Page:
Teen Star Alexa Pano Has Qualified for the U.S. Women’s Open at 14
When we see someone special coming from a distance in this game, our efforts to put her in perspective cannot be framed simply by wins and losses. On the other hand, if we’re speaking of Alexa Pano, wins and losses are not such a bad conversation to have, either. All of the early years have been encapsulated into a process of developing such a young prodigy for competition at the professional level. We tend to see childhood victories in terms of that, but we must not forget that they are victories in their own right, not just for where they are heading.
In many cases, we are left in speculation of “how good can this child really get?” Pano’s record changes the question to “when will it break out in the big leagues?” The concept of “if” is out of the question. This is a young lady who won her first world championship at the age of six. That’s a fairly Mozartian rate of development, as if a large part of her came into this world already knowing what to do. We just call it instinct to avoid being too “nanu” about it. Still, what do you say to a six-year old world champion? The director and producers of The Short Game, filmed in 2013, knew what to say, and Pano had a brief taste of movie stardom as well before the age of ten.
Two years before that, Pano set about qualifying for the U.S. Women’s Open. That’s the place where one plays against the big guns of the tour. Before responding with an “Ah, isn’t that cute?” sort of thing, it should be noted that this eight-year old came within two strokes of qualifying – let that sink in for a moment. Then let’s try to remember ourselves at eight, and let it sink in once more.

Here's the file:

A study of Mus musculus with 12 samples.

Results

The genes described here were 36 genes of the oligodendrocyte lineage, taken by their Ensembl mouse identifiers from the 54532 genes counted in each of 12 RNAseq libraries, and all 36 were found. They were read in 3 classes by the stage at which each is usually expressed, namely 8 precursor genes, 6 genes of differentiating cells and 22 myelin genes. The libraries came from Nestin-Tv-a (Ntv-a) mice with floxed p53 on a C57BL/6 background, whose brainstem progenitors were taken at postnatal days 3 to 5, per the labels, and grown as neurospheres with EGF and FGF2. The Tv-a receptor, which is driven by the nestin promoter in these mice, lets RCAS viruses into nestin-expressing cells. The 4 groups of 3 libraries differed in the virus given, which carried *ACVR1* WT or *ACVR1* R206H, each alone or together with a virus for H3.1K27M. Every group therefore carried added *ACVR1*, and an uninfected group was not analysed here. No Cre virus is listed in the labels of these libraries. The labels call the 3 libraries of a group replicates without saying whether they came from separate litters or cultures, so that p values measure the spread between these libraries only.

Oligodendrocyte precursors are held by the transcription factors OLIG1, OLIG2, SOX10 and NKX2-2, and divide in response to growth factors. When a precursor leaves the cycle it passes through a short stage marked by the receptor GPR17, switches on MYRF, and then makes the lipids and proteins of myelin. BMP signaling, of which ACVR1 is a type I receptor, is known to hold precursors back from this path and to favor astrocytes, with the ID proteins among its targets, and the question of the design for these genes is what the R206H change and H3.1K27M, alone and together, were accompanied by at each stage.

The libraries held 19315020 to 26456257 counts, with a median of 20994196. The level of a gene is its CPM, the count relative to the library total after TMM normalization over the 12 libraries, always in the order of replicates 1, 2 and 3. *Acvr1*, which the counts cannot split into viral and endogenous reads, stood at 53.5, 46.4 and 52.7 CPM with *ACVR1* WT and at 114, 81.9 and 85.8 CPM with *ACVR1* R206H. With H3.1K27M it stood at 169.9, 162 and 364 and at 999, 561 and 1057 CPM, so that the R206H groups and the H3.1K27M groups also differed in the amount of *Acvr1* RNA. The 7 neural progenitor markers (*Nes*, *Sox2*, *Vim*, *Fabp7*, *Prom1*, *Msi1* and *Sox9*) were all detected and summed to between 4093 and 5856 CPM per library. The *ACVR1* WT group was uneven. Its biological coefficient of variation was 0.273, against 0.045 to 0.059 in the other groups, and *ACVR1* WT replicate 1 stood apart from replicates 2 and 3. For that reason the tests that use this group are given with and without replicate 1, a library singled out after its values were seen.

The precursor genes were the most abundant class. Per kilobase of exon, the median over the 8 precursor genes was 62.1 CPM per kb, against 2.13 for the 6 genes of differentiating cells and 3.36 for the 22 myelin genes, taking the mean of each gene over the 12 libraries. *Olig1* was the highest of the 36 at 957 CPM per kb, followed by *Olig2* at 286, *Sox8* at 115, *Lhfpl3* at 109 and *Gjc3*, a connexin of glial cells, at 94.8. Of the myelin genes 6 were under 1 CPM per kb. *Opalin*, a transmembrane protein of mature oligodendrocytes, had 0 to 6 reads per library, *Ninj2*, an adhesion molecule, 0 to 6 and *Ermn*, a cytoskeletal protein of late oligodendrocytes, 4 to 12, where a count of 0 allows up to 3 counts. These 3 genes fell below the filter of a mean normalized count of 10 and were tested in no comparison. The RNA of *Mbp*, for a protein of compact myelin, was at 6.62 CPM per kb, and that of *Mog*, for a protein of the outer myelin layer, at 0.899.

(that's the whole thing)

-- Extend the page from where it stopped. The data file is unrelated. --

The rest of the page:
Now, at the age of fourteen, Alexa has played against the great juniors of her golfing world. The past eight years have served to begin filling a reservoir of experience, temperament, and nuts and bolts golf wisdom for any situation. And where does that lead? To another, higher level regimen of testing. Thanks to the 35-foot putt she rolled in to make the grade, she’s going to begin an increasing familiarity with some of the world’s greatest stars – how to play against them, how to manage nerves and strategy against them, and how to win against them. There was one more amateur get-together that meant a lot to Pano, and it didn’t turn out as well as she hoped it would. In the field for the Augusta National Women’ Amateur, she didn’t play in the final thirty, only seeing the obligatory practice round. It was cold comfort for someone with so many great places to go. So, her entrance into the Open is good medicine for that.
Apparently, several people vying for the spot didn’t think they were doing very well, Pano included. The putts weren’t dropping in general, and players began to figure that they had fallen out of contention. Delfina Carter won the day , with Pano one back. The U.S. Women’s Open will be held at the Country Club of Charleston, South Carolina beginning on May 30. It will be one of those milestone markers that don’t need to be judged by winning or losing, as I said previously – or perhaps it will be…you never know. Regardless, it is an enormous next step in preparation for what appears to be Pano’s professional destiny.
I suspect that it won’t be too many more years before we see Alexa as a regular on tour, and I resist the urge to entertain thoughts of Ko in her mid-teens as a source of comparison. It really doesn’t work that way. All of us are on our own clock for revealing our best stuff. Pano’s clock may not be synchronized with Ko’s, but I feel strongly that “if” is still out of the question.